What makes a good Xiao Long Bao? Is it a delicate pastry that houses the soup and farce? Is it the intensity, or complexity of the soup? Perhaps the flavour of the filling? Or is it the right ratio of soup to filling?
Good question. Fact is, a very good xiao long bao is a heavenly delight. Few delicacies have such a fascinating array of texures and flavours packed into such small parcels. When you lift it up you have to be careful, otherwise the soup will run out. But, if you manage not to pierce it and have dipped it with some vinegar and put a bit of ginger on top, the moment you put it into your mouth is quite sensational. The soup seems to literally explode inside you, coating your entire mouth with intense stock. The delicate, but fully flavoured filling provides a juicy, soft texture that contrasts with the pastry, which should have a bit of bite. No matter if you get them with crab, pork or pork and crab, xiao long bao is the big daddy of all of those fancy molecular exploding ravioli. And its been around for much longer than those.
Hailing from Shanghai, the best specimens can still be tracked down in the bustling metropolis on the Huang Pu. However, a Taiwanese chain, yes a chain, is said to produce some delightful xiao long bao pretty much all over Asia and beyond. Din Tai Fung, is the name of this chain, and dare one say they do know how to make a mean dumpling. It basically has all of the above speaking for it: Thin pastry with bite, complex and intense broth and a filling that is just perfectly seasoned. The best they do are crab and pork xiao long bao, which cost you a cool HKD 68 for six of the little buggers. Mind you, this is one of the many Michelin-starred eateries in town. Whilst this won’t be enough to fill your stomach, it’ll certainly make a fine start.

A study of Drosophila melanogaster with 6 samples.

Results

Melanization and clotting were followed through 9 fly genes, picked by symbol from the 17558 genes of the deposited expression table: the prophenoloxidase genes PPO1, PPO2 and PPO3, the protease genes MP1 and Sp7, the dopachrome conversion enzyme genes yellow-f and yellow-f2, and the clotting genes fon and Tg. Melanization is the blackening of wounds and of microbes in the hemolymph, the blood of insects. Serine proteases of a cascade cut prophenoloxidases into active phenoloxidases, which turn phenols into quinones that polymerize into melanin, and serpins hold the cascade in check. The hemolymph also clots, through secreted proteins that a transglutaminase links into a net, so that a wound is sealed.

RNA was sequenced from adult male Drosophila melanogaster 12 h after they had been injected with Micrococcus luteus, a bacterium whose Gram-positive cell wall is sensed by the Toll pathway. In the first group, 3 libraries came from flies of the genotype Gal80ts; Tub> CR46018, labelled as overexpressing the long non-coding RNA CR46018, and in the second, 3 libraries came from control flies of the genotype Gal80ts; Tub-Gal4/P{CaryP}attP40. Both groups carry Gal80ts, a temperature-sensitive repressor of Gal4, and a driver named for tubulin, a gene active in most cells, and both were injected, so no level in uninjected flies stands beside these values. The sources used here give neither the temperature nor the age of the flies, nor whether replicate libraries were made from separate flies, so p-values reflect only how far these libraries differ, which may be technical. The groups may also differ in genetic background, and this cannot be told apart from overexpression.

Because, apart from the xiao long bao, they cook superb vegetables here: Incredibly clean, laden with garlic you can order a number of Chinese vegetables such as morning glory, kai lan, pak choi and the likes. These are so well cooked that they would put many European fancy eateries to shame. After that, you can of course go with some of the other dim sum: Have a bit of a hearty vegetable dumpling, where you do not miss meat or seafood one bit. Or go for the siu mai, oozing with porky and shrimpy goodness. To cut a long story short, this is a fine restaurant. The service is polite, efficient and professional, the room simple and unpretentious and the atmosphere casual and relaxed. And, let’s face it. Where did you last have a Michelin-starred meal for that little money?